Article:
It’s 1952. The switchboard operators in Wooster, Ohio, love nothing more than to eavesdrop on their neighbours’ conversations, and gossip about what they learn.
Vivian Dalton is no different (despite her teenage daughter’s disapproval), and always longs to hear something scandalous. But on the night of December 15th, she wishes she hadn’t. The secret that’s shared by a stranger on the line threatens to rip the rug of Vivian’s life from under her. Vivian may be mortified, but she’s not going to take this lying down. She wants the truth, no matter how painful it may be. But one secret tends to lead to another . . .
This moving, heart-felt and ultimately uplifting novel brilliantly weaves together an irresistible portrayal of a town buzzing with scandal, and an unforgettable story of marriage, motherhood and the unbreakable ties of family.
What did I think?
I mean, who hasn’t overheard something they shouldn’t?
The Operator is a lighthearted read where gossip and scandal run rampant. Set in the 1950s, The Operator follows Vivian Dalton, a switchboard operator who uses her job to spy on callers and peer into the lives of her neighbours – innocently of course. While the gossip usually isn’t very juicy, one night Vivian overhears a call that changes things forever.
Vivian overhears her frenemy Betty Miller and a stranger discussing a secret about Vivian’s family, a secret that if it got out would destroy Vivian’s world. While angry at first, Vivian makes it her mission to find out if the information can be trusted.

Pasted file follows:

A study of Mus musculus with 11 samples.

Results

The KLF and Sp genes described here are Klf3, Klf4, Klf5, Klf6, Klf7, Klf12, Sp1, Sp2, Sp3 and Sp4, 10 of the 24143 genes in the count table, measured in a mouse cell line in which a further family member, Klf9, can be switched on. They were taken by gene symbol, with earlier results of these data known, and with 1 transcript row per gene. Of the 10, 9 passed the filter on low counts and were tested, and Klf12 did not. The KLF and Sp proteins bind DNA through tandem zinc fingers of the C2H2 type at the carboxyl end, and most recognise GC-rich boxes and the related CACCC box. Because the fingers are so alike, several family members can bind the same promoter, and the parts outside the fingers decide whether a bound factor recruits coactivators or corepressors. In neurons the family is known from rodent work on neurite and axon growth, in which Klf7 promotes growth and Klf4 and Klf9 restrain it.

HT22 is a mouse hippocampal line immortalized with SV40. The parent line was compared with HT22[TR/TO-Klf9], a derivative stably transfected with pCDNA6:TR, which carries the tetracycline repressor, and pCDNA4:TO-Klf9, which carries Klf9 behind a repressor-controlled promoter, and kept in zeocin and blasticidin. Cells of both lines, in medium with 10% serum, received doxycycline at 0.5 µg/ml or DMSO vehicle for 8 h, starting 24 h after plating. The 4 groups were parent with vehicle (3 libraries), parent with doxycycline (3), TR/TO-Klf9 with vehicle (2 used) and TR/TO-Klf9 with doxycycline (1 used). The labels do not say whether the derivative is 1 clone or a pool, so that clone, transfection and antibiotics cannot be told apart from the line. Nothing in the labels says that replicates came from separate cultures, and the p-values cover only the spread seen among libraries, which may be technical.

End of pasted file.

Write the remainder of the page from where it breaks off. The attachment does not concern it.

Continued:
Set in present tense, Berg does a great job of throwing us into the past where we learn more about Vivian’s childhood and relationship with her family. We also get to learn more about Betty Miller, her family and how their relationship became what it is today.
While I think the author did a great job of making you interested in Vivian and her journey, there were parts of Betty’s involvement that weren’t overly enjoyable. The side story also doesn’t make sense in its entirety until the end of the book but once you get there, the story wraps up with a neat little bow. What she did excel at was throwing you deep into the 1950s. The descriptions of the fashion and cars plus the type of language they use quickly throws you back in time – it’s absolutely delightful.
Does this sound like a book you would enjoy?